Gingko Biloba: A Glimpse at the Living Fossil

The Gingko species dates way back to the Permian Period some 286 to 248 million years ago. It is indeed one of the oldest tree species in the world and has been labeled as the living fossil by Charles Darwin in 1959. In the middle of the Jurassic Period through the Cretaceous Period, the Gingko species began to increase in number and were commonly found in Asia, Europe, and America. During the extinction, Scientists believed that there was no more trace left for these species until Englebert Kaempfer, German Physician and Botanist discovered in 1691 that Ginkgo has actually survived.

The medical uses of Gingko Biloba dates back to 5000 years ago, mainly as a relief for asthma patients. As time went by, scientists, and even ordinary people came up with more ways in which Gingko can be useful. Gingko Biloba can be used orally and topically and intravenously, depending on what the condition calls for. The most commonly used parts of Gingko would be the leaf, which is often used as an extract. The Gingko seed

Oral Uses:

  • Dementia (Alzheimer’s, Vascular and Mixed Dimentia)
  • Cerebral vascular insufficiency (memory loss, headache, tinnitus, vertigo, dizziness, difficulty concentrating, mood disturbances, and hearing disorders)
  • Chemic Stroke
  • Peripheral arterial disease (PAD)
  • Lyme Disease
  • Sexual Dysfunctions (Including sexual dysfunctions caused by SSRI antidepressants)
  • Eye problems
  • Attention deficit-hyperactivity disorder (ADHD)
  • Thrombosis
  • Heart Diseases
  • Premenstrual Syndrome (PMS)
  • Dysentery and Filariasis
  • Diabetic retinopathy
  • Behavior and Sleep Patterns among patients suffering from Depression
  • Chronic fatigue syndrome (CFS)
  • Schizophrenia
  • Acute mountain sickness and aging
  • Gastric acidity
  • Liver and Gallbladder support
  • Blood pressure regulation
  • Raynaud’s disease
  • Asthma
  • Allergies
  • Bronchitis
  • Central nervous system disorders
  • Improved digestion
  • Prevent drunkenness

Topical Uses:

  • To wash lesions on the fingers, toes, heels, ears, and nose caused by exposure to extreme cold
  • Wounds
  • Scabies and skin sores

In addition to those mentioned above, Gingko Biloba is also widely being used in the cosmetics and even food industry. Given this long list of the possible uses of Gingko Biloba, a number of scientific research in the past have determined its efficacy, as well as its inefficacy on some of these uses that we have mentioned.

Gingko Biloba is more likely to be effective when used as an aid to the following conditions:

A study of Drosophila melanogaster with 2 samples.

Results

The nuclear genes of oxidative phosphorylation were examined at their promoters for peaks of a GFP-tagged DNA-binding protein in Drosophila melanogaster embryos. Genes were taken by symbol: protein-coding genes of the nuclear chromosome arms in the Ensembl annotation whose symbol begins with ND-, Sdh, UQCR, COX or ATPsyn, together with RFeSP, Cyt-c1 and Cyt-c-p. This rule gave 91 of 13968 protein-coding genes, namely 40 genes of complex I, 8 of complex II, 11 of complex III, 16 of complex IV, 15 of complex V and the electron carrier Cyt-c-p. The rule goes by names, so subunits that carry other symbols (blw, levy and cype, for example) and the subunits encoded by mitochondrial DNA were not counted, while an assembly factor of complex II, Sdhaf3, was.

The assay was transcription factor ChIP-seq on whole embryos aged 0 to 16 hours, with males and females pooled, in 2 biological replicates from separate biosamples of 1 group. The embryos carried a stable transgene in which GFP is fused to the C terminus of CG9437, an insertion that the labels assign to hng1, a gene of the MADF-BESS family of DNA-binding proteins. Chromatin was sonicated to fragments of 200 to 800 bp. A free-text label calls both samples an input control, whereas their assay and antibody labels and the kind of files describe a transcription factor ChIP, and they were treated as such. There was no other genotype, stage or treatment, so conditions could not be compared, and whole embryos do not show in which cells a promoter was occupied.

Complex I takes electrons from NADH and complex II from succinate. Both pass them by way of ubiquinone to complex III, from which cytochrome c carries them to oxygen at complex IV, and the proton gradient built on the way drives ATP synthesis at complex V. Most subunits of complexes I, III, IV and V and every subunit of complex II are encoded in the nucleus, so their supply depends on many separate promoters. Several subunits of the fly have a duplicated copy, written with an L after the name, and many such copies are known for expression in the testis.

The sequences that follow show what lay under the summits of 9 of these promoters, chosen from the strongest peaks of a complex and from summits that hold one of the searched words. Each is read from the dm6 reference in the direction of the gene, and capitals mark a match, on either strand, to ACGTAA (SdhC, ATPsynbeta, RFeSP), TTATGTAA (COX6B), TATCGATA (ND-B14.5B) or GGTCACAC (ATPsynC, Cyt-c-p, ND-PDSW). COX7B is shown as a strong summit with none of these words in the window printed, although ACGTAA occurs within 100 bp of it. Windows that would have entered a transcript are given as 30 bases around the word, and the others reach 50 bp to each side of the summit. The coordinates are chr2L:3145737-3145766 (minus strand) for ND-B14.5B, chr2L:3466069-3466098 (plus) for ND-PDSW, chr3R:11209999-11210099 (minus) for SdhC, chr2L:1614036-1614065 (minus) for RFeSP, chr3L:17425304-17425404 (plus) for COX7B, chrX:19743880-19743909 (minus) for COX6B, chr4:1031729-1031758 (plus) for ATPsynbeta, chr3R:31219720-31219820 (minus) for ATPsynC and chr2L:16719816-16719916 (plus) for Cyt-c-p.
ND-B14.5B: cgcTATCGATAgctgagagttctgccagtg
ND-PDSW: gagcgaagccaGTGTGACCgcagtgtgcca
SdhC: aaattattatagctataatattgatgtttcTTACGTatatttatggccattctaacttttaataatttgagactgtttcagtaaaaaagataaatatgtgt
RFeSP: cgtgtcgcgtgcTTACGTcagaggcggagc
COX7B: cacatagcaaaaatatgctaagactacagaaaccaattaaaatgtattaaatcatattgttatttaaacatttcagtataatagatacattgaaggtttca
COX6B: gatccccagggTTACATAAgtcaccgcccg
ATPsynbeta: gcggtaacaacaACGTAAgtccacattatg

• Age-related memory impairment
  • Cognitive function
  • Dementia
  • Diabetic retinopathy
  • Glaucoma
  • Peripheral vascular disease (PVD)
  • PMS
  • Raynaud’s syndrome
  • Vertigo

On the other hand, Gingko Biloba has been found ineffective on the following conditions, based on a number of studies conducted pertaining to it.

  • Altitude Sickness
  • Sexual dysfunction
  • Tinnitus
  • Cardiovascular disease

In addition to this, the efficacy of Gingko Biloba on the following conditions has not been proven due to insufficient evidence found during researches:

  • Age-related macular degeneration (AMD)
  • Anxiety
  • Attention deficit-hyperactivity disorder (ADHD)
  • Colorectal cancer
  • Fibromyalgia
  • Hearing loss
  • Ovarian cancer
  • Radiation exposure
  • Schizophrenia
  • Stroke

Safety Issues

Despite the many benefits that one can get from this herb, the public is likewise warned about its unsafe usage, which may lead to several health problems. Just like the roasted seed or crude ginkgo plant, which is most often used orally, may induce difficulty breathing, weak pulse, seizures, loss of consciousness, and shock when taken in a quantity of more than 10 per day. The fresh gingko seed on the other hand, are potentially toxic and deadly. The plant should also not be taken by pregnant women, as issues pertaining to premature labor have been associated to doing so.

Gingko Biloba has also been known to cause several adverse reactions such as mild gastrointestinal (GI) upset, headache, dizziness, palpitations, constipation, and allergic skin reactions when taken in typical doses. However, when taken in large doses, the use of Gingko can cause restlessness, diarrhea, nausea, vomiting, lack of muscle tone, and weakness.

There were also reports that suggest minor to severe bleeding as one of the side effects of taking Gingko Biloba. While this may be alarming to some, it is to be noted that the bleeding effects have not been clearly linked to the use of Gingko alone. Some other factors have been present such as taking other medications, old age, liver cirrhosis, recent surgery, and other conditions.

A recent study did report that Gingko did cause liver and thyroid tumors. The research was based on large dosages of Gingko you may want to consider this in your supplementation.


John Montague DC is the owner of WebVitamins. He is active in the industry and is currently president of the NPA East.